Our Pursuit of Data Liberty

By Erin Mackay and Christine Bechtel, GetMyHealthData Coordinators 

Just over a year ago, the health care community found itself at a crossroads: Now that almost every provider in the country has some form of electronic health record, why were there reports that few consumers were going online to view, download or share their health information? Didn’t patients want their health data? And with all of this technology in place, why weren’t we achieving the promise of electronic health information sharing?

A team of leading consumer, health, and technology groups along with individual experts and former policy makers came up with a theory: consumer demand for their digital health records would unlock data to move more freely across the health care system.  We believed a sharp tug of informed consumer demand could flip the information-sharing switch into the open position and free data from hard drives and filing cabinets to be put to better use. We kicked off a 12-month experiment, courtesy of the Robert Wood Johnson Foundation, to put this idea under the microscope.

With the launch of GetMyHealthData, we took our theory into the field. We recruited volunteer patient “Tracers” to request their health data and report back to us on their experience. We developed a suite of resources to help Tracers navigate the request process.  We built an online storyboard to raise awareness about their experiences and the importance of data access. Tracers showed us what it’s actually like for people in the real world, outside the federal policy bubble that dictates how things are supposed to work. These individuals helped blaze a new path forward; we shared their feedback broadly to raise awareness and inform public policy.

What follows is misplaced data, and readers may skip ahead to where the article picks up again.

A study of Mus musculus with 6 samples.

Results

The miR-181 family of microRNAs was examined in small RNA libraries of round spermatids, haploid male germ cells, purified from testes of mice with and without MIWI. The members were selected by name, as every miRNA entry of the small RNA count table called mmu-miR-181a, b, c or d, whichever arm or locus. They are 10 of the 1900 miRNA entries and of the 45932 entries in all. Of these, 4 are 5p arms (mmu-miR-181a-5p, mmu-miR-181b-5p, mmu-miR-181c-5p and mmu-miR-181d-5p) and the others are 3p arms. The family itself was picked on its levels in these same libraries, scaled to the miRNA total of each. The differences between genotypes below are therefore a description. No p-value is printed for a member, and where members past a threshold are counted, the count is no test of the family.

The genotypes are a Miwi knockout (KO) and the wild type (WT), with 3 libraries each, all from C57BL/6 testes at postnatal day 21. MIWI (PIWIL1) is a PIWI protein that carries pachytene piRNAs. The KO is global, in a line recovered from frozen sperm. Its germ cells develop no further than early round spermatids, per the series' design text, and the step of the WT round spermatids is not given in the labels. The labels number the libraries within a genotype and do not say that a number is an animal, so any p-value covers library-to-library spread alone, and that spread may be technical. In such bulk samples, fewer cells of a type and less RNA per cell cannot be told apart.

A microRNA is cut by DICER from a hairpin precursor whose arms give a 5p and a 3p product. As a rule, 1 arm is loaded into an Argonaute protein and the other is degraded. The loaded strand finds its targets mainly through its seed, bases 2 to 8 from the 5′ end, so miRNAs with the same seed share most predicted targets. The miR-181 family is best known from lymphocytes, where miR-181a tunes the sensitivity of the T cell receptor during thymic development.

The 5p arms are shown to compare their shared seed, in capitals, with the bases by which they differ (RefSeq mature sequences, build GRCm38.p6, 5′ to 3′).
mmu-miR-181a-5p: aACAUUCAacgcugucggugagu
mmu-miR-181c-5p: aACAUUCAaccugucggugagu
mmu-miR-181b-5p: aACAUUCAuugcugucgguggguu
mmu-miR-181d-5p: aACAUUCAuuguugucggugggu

As it turns out, patients do want their data. They recognize its value. They are requesting it.

Some individuals have patient portals that offer easy, convenient access to information. Some providers waive fees for creating or mailing copies of records, understanding that an informed patient is a powerful partner.

But across the country, too many individuals experience huge price tags for reams of paper, valuable information trapped in PDFs or on CD-ROMs, and delivery options that don’t work for them, including making a trip to a hospital basement. (Carrier pigeons would be faster!) Worse yet, consumers run headlong into outdated cultural attitudes that too often treat information requests with skepticism. Requests to share information are viewed as an administrative annoyance or, at worst, a risk to business interests.

More about the reality our Tracers brought to light, including challenges and bright spots, can be found here.

In all scientific progress, theories are proposed, tested, and (dis)proven. When it comes to unlocking health data, consumer demand is there.

Our theory was wrong.

If demand isn’t the answer, how about the other side of the coin: supply? Imagine walking into your doctor’s office tomorrow morning and being asked, “Do you have any new health information we should incorporate in our records?” What if, when the appointment was over, you were asked if you wanted any data generated from that visit sent to your email or an even to an app?

So what’s next: How do we make patient data access this easy, automated and routine? We invite you to walk through our Tracers’ journeys, learn from them, and consider what role you can play in improving the experience of sharing and using data with patients and families. Together, we can forge a new path.